Microplastics are now found in more parts of the human body, writes Professor Dr Lee Yeong Yeh, whose team confirmed the presence of plastics in Malaysians’ bowels. What does this mean?
THIS YEAR, scientists found plastic in the human placenta. This discovery highlights the extent to which plastic permeates our bodies. It should make us very concerned.
By now, it is quite common knowledge that microplastics – smaller than a papaya seed – are ubiquitous in the human food chain, especially seafood and drinking water. This has been shown in many studies, including those in Malaysia.
(Photo: Plastic is entering human bodies when we consume water and seafood. Marine plastic pollution must be tackled, beach cleanups being one way. | Pic by SL Wong)
On average, Malaysians may be ingesting 5 g of microplastics every week (approximate to the weight of a credit card). This must have us wondering what could be happening to the microplastics that we ingest.
Microplastics, broadly defined as particles below 5mm in size, are polymers whose composition may include polycarbonate, polypropylene, polyamide, polyvinyl chloride and polyethylene.
These synthetic polymers are largely derived from organic fossil fuels, and by nature, are hardly digestible, unlike natural polymers.
Once in then what?
After humans ingest these microplastics, would the microplastics appear in our poo? Yes, they would.
The first human study that detected microplastics in stools was reported in the journal, ‘Annals of Internal Medicine’, in 2019, where all the 8 healthy volunteers were tested positive for microplastics.
If microplastics appear in stools, would they be found in the bowels? Yes they would.
Last year, a group of Malaysian investigators (myself included) detected microplastics in the large bowels of all 11 study participants (9 with colon cancer and 2 normal colons).
READ: Lee Yeong Yeh presented preliminary results of the Malaysian research two years ago, which Macaranga covered. Read how this is part of a bigger plastics research project.
Now, if microplastics appear in the bowels, would they be found elsewhere in the human body? Once again, yes, they would.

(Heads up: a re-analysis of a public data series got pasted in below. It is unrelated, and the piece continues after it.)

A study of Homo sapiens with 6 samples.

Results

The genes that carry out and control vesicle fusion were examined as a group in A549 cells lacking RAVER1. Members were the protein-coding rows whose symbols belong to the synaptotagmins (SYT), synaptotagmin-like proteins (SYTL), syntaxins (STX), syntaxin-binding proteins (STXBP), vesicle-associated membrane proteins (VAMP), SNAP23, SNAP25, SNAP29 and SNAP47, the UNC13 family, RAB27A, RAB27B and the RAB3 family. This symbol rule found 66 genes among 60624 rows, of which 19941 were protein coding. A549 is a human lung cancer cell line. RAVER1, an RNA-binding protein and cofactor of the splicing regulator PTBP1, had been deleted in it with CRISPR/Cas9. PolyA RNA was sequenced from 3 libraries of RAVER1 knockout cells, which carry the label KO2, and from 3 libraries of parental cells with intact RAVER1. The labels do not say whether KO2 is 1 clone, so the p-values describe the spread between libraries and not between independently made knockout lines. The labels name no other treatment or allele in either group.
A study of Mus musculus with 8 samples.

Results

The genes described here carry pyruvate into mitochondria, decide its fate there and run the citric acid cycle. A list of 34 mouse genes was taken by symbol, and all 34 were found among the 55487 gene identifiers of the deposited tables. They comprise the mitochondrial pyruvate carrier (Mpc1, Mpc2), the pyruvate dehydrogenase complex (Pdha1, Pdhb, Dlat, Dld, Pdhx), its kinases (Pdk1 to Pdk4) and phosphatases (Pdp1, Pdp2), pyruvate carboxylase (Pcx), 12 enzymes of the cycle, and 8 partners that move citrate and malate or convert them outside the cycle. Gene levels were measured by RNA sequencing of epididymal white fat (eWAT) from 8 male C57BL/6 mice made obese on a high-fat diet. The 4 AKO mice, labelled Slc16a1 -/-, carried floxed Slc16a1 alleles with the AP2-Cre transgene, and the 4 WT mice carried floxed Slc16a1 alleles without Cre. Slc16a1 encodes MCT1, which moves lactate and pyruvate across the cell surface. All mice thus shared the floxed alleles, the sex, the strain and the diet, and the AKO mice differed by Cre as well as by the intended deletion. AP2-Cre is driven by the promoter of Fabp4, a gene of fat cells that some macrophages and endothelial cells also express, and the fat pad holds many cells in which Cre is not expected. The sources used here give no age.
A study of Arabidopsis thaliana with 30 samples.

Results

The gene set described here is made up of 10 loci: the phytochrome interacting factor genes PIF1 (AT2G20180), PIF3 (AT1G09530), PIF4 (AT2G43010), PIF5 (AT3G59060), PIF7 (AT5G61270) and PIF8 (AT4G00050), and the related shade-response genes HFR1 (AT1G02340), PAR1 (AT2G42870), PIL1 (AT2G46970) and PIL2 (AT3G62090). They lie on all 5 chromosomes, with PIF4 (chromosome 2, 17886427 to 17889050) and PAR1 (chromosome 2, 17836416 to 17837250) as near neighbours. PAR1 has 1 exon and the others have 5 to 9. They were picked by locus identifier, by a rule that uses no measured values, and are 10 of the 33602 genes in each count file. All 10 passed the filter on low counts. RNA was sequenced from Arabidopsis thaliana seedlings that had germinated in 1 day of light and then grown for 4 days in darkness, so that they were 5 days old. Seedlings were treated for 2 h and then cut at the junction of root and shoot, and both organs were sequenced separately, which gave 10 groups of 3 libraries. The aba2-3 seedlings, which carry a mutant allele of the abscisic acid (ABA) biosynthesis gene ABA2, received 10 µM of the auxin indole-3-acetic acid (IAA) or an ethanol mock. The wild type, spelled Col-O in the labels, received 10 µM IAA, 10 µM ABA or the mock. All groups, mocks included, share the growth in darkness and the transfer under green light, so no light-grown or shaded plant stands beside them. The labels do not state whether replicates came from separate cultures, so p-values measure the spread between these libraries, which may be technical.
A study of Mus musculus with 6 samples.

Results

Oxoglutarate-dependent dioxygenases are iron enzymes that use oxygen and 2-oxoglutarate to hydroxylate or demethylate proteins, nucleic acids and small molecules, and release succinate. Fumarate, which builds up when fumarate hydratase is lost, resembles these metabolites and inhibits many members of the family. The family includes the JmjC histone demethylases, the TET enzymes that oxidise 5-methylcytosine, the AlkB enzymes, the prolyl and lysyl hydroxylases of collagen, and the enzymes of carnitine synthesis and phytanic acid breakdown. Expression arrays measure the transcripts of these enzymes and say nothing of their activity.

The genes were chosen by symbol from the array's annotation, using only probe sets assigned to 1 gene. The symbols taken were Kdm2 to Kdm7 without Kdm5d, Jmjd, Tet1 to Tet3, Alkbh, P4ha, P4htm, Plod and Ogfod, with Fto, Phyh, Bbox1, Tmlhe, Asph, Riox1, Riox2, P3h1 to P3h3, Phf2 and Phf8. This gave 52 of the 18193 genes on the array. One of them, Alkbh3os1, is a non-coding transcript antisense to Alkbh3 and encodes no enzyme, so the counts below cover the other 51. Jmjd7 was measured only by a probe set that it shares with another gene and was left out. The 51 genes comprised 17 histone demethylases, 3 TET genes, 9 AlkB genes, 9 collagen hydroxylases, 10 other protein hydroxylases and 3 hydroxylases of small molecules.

This year, the first evidence of microplastics in human placenta was reported in 6 participants. This means that plastics could travel beyond the bowels into other parts of the body and potentially affect health.
The science of detecting
How do you detect microplastics in the body? It can be a lengthy process in the labs but in a nutshell, the samples from the body need to be digested first using a chemical agent, diluted with water, then the plastics are filtered through a thin membrane paper before being dried.
The microplastics can then be observed and counted using microscopes.
For example, in our study of Malaysians, we detected an average of 300 microplastics per bowel sample.
While the microplastics came in many colours, the most common were transparent, and of the many shapes, the filament was the most common (Figure 1). The implications of these observations are unclear at the moment.
We then characterise the types of polymer using spectroscopy equipment – similar to those used for x-rays – including the micro-Fourier Transform InfraRed (FTIR) and Raman.
In our study, the most common polymers found in bowels include polycarbonate, polyamide and polypropylene, but their impacts are still not entirely known.
It’s not looking good
And so you may ask, what could be the adverse health effects from these microplastics?
This is because microplastics could absorb and bind harmful additives or chemicals, which may increase the risks of obesity; cause some form of cancer, for example breast cancer; and may be responsible for low sperm counts in males and early puberty in females.
Second, microplastics may accumulate at the tissue level, and result in pathology including inflammation. Moreover, the microplastics may translocate through the blood or lymph and deposit in other organs, including the heart and lungs.
Third, the plastics may induce changes in gut bacteria and interfere with our immune system, causing infection. However, all the above potential adverse effects need more confirmatory clinical studies.
There must be something
At this juncture, the most pressing question is what can we do?
As the United Nations Environment Programme (UNEP) pointed out, “plastics are the largest, most harmful and most persistent component of marine litter”.
Most concerning is the sharp growth of plastic waste, expected to triple by 2040, and the potential impacts to the climate, wildlife and also human health.
All hands on deck
From the very start of this commentary, it is clear that reducing plastic waste is vital. Everyone plays a role in this regard.
At the climate change summit in Glasgow (COP26), addressing plastic pollution was among the concerns of the meeting. On the global front, governments are looking at cooperating to do this within the broader purview of tackling climate change.
This is a laudable initiative which should be emulated by other medical societies and non-governmental organisations.
Our study that found microplastics in the bowels was done on Malaysians living on the east coast of Peninsular Malaysia ie coastal dwellers who are the highest consumers of seafood. But any Malaysian can be similarly affected.
To conclude, plastic pollution of the environment is a global crisis. Though it requires further research, there are indications that there may be potential adverse health effects from our exposure to and ingestion of microplastics.
Everyone plays a role to curb plastic pollution and turn the tide on climate change.
[Edited by SL Wong]
Professor Dr Lee Yeong Yeh is a medical doctor and Consultant of Gastroenterology, Hepatology and Internal Medicine, School of Medical Sciences, Universiti Sains Malaysia.